A look at how Kentucky’s 2016 class has fared this season.
The Kentucky Wildcats and head coach John Calipari again hold the nation’s best recruiting class, according to Scout.com, and the five players signed to set foot in Lexington next season are all in midst of their high school seasons.
Scout recruiting analysts Evan Daniels, Brian Snow and Josh Gershon recently broke down the five new Wildcats. Here’s what they said:
Edrice “Bam” Adebayo, an elite, bruising big man from High Point Christian Academy in North Carolina, checks in as the No. 2 center and No. 15 player in the 2016 class. Scout checked in on him at the prestigious City of Palms tournament.The 6'9", 230 pound Adebayo has made some strides in his offensive skill set.
”At City of Palms, Adebayo was more effective from the high-post than we’ve seen in the past. He looked to take defenders off the bounce and attack. In doing so, he showed a better handle than expected and while he’s not a consistent mid-range shooter yet, his shot certainly has potential.”
The 6'4", 170 pound Fox ranks as the top point guard in the nation and the No. 4 overall player. A high-energy, high-IQ floor general, Fox boasts a tremendous all-around game and has the size and strength to profile as a very intriguing prospect at the pro level, as well.
Scout took a look at the rising star from Katy, Texas over Thanksgiving and noted strides in his offensive discipline and his long ball.
“Another area he’s shown improvement is with his long distance shooting. He’s comfortable shooting the ball from deep and the lefty has gotten more consistent. Now he didn’t shoot the ball great in our viewing, as he took some tough, contested shots, so he’ll need to sure up his shot selection, but overall, he projects as a good shooter in time.”
Wenyen Gabriel, a fast-rising power forward from Wilbraham, Mass., rates as the No. 3 player at his position and No. 10 overall in this class. A versatile post player who prefers to face up to the basket, the 6'10" Gabriel’s abilities continue to expand and make him a quintessential highly-skilled John Calipari big man.
“Over the summer we evaluated Gabriel as a face up forward that had impressive skills for the position. Josh Gershon noted at adidas Nations that he may be making the move to the wing full time and it turns out he was right. At the National Prep Showcase early in the season and then again at the Hoop Hall Classic, Gabriel showed he could defend wings and play the position offensively. This is key and raised his profile as a prospect. Not only does he have very good size for a perimeter player, he's also versatile enough to slide to the four at times and play a face up four role.”
Killeya-Jones is the only four-star of this bunch, but ranks as the seventh-best power forward and 30th overall recruit nonetheless. An agile big man, the Lynchburg, Va. product has blossomed as a senior. Though he profiles more as a long-term guy who will take some time to develop — and may not be a one-and-done like his teammates — the 6'10" Killeya-Jones is definitely a name to watch as his college career begins.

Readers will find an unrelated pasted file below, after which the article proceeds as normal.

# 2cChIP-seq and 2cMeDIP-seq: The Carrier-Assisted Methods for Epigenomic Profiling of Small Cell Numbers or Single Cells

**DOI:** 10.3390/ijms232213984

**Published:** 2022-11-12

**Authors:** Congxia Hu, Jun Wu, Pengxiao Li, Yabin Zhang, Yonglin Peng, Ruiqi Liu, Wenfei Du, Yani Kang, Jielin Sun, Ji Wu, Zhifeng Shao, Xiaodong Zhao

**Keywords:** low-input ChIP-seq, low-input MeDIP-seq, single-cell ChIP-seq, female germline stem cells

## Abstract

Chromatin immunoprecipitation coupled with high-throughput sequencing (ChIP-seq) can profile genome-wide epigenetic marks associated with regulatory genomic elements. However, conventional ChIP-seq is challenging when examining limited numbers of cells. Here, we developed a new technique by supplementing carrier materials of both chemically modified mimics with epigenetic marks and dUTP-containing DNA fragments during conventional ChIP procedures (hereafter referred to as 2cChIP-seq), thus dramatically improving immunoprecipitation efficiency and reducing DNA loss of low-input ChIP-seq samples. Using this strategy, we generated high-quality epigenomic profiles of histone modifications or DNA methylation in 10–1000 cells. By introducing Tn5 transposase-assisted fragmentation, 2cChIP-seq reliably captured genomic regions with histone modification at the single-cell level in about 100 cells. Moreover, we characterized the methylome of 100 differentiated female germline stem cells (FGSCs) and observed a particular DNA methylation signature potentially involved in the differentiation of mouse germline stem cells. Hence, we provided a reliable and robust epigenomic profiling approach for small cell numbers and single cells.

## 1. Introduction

Scout’s analysts listed one concern about his play this season.
“Killeya-Jones has to be careful to not let his improving jumper take him away from his strengths as a scorer from close range and on the block. He faded to the perimeter a tad too much in our viewings, which led to travels and wild drives. There’s been talk of him possibly playing on the perimeter and while he’s skilled, he’s much better suited as a versatile face up forward that can also post up, than as a wing player.”
One of the most freakishly athletic high school guards in years, Malik Monk is Scout’s No. 6 player and No. 1 shooting guard in his class. Standing 6'4" with impressive quickness and leaping ability, Monk has all the tools to be successful right away at Kentucky and could land in the draft lottery if all goes well.
Monk, an elite defensive prospect from Arkansas, continues to expand his offensive skills, and though he may not profile as a true point guard yet, he also may not need to.
“Over the summer it was evident Monk had improved as a shooter. His shot mechanics and form are good. He didn’t shoot the ball with efficiency in our viewings this season and he can be a tad streaky, but he did shoot nearly 35-percent from three in the EYBL and with time and effort, his shot consistency will improve. He also showed a floater/runner in the lane that he used at the Hoop Hall, where he tossed the ball in on the run from 15-feet.”